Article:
Auburn University researchers from multiple disciplines are converging to reshape biomedical implants and orthotics by using additive manufacturing, also known as 3-D printing, to create these life-changing products.
The research launched with support from the university’s new Presidential Awards for Interdisciplinary Research, or PAIR, a $5 million program created by Auburn University President Steven Leath.
The research team will receive $1.3 million over three years to create an optimal experience for patients requiring neuromuscular and skeletal implants and orthotics. With 3-D technology, devices are custom-made to conform to each patient’s unique injury and physiology, said Nima Shamsaei, director of the National Center for Additive Manufacturing Excellence, or NCAME, at Auburn’s Samuel Ginn College of Engineering.
Biomedical devices created by additive manufacturing will significantly increase efficiency and customization while decreasing cost, said Shamsaei, who leads the research. In traditional procedures, the surgeon works with a standard implant or orthotic with minimal opportunity for modification. Researchers hope to turn that model on its head.
"With this method, we can scan patient anatomy, get all the information in order to design and print the part and send it to the operating room," Shamsaei said. Employing this technology, the physician will receive an implant or orthotic that is intricately catered to the patient awaiting it.
In addition, additive-manufactured biomedical devices will cut production time substantially.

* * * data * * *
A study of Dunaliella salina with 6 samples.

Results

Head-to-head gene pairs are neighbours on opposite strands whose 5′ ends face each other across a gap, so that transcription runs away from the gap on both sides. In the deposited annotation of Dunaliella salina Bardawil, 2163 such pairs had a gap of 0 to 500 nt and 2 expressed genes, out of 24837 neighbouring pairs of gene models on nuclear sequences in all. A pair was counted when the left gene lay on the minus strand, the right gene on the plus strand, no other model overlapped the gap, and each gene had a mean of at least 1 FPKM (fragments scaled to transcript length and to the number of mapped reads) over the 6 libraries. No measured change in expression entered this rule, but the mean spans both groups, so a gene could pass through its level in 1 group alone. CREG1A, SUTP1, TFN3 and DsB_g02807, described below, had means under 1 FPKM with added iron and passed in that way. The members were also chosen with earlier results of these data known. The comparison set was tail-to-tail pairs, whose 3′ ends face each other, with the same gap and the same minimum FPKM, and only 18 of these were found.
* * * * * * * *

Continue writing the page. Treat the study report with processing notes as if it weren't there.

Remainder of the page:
The PAIR funding will give the ongoing research a tremendous boost, said Scott Thompson, associate professor of mechanical engineering who specializes in additive manufacturing.
"It’s going to allow us to procure some very critical equipment to make our in-house capabilities stronger," Thompson said. "It’s also going to fund six graduate students and bring together 15 faculty members from across campus, including researchers from the business school, veterinary sciences, engineering and pharmacy."
In the College of Veterinary Medicine, there is a potential for 3-D-printed orthotics to aid the in the care of horses, and additive-manufactured implants can be used in surgeries involving small animals, including cats and dogs. The Harrison School of Pharmacy’s research efforts have yielded implants with the capacity to provide drug delivery, resulting in on-the-spot pain relief and infection prevention for patients. Researchers from the Harbert College of Business are exploring the entrepreneurial front, outlining start-up companies that are focused on this specialty that will involve future Auburn graduates.
"Our goal over the next three years is to prove the concept and to show the possibility of using this technology in a wider way for the biomedical industry," Shamsaei said. "We expect this project to bring us to the forefront of additive manufacturing research for biomedical applications."